There's a way to contest it. But the cost can be high, and not just in money

Consider the cost

When considering whether it's worth the effort to contest, take a look at the dollars involved. Maybe you're more interested in proving wrongdoing than in padding your own bank account, but it's not worth pursuing a case if you'll lose money even if you win.

"All unjust situations should be pursued, but if all you're going to get is the balance of a checking account worth $2,000, and it costs tens of thousands of dollars to bring the case, the cost-benefit analysis doesn't really justify it," says Joanne Fanizza, an elder-law attorney in Farmingdale, N.Y., and Fort Lauderdale, Fla.

If elder abuse is suspected, contesters may be able to pursue criminal charges against the offender. That avenue may make more sense than pursuing a civil case in which the cost is prohibitive, Fanizza says.

In addition to financial cost, advisers say cost to personal relationships must be considered. While feeling slighted by a late relative — and missing out on a potentially large inheritance — can be painful, the emotional strain of going to court can be just as tough.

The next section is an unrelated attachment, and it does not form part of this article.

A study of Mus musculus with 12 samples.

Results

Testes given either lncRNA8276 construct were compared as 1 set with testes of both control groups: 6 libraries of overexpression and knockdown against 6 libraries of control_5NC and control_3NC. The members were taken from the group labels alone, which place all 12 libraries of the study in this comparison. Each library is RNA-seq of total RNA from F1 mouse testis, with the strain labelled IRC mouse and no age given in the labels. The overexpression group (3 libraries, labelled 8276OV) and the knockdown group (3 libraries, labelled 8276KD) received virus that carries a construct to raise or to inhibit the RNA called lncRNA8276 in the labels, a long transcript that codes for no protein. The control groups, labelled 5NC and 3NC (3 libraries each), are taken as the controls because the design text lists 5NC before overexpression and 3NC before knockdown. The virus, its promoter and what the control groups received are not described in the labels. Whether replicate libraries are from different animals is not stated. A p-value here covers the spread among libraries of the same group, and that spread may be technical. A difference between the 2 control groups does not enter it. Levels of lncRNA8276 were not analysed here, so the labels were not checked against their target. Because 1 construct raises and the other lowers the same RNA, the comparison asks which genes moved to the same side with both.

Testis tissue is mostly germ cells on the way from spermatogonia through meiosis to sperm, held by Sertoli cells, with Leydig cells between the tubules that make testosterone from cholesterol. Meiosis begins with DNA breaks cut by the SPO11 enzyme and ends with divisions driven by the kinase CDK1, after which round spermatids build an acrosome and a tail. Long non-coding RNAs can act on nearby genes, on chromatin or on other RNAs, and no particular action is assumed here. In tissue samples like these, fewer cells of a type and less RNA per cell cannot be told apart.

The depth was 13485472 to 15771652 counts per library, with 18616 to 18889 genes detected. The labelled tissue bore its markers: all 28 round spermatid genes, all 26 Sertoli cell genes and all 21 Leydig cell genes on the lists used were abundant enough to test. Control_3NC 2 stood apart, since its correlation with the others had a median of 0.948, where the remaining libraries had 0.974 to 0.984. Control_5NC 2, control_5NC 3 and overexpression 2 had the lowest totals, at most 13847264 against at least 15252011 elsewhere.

"Contesting a will can permanently affect relationships with the adversary," says David Okrent, an estate attorney in Dix Hills, N.Y. People who take on a sibling or parent in court may prevail, "but they may be left without their sibling or parent ever speaking to them again."

The final thing to consider is that successful will contests are few and far between. Fanizza says she's had only a handful of them in her career, and all were settled out of court.

In the end, Paul Young joined the ranks of dissatisfied heirs who decide to let it go. He did not contest his mother's will.

Also of interest: Documents you can't live without. >>

Nancy Mann Jackson is a freelance journalist who writes regularly about personal finance and aging issues.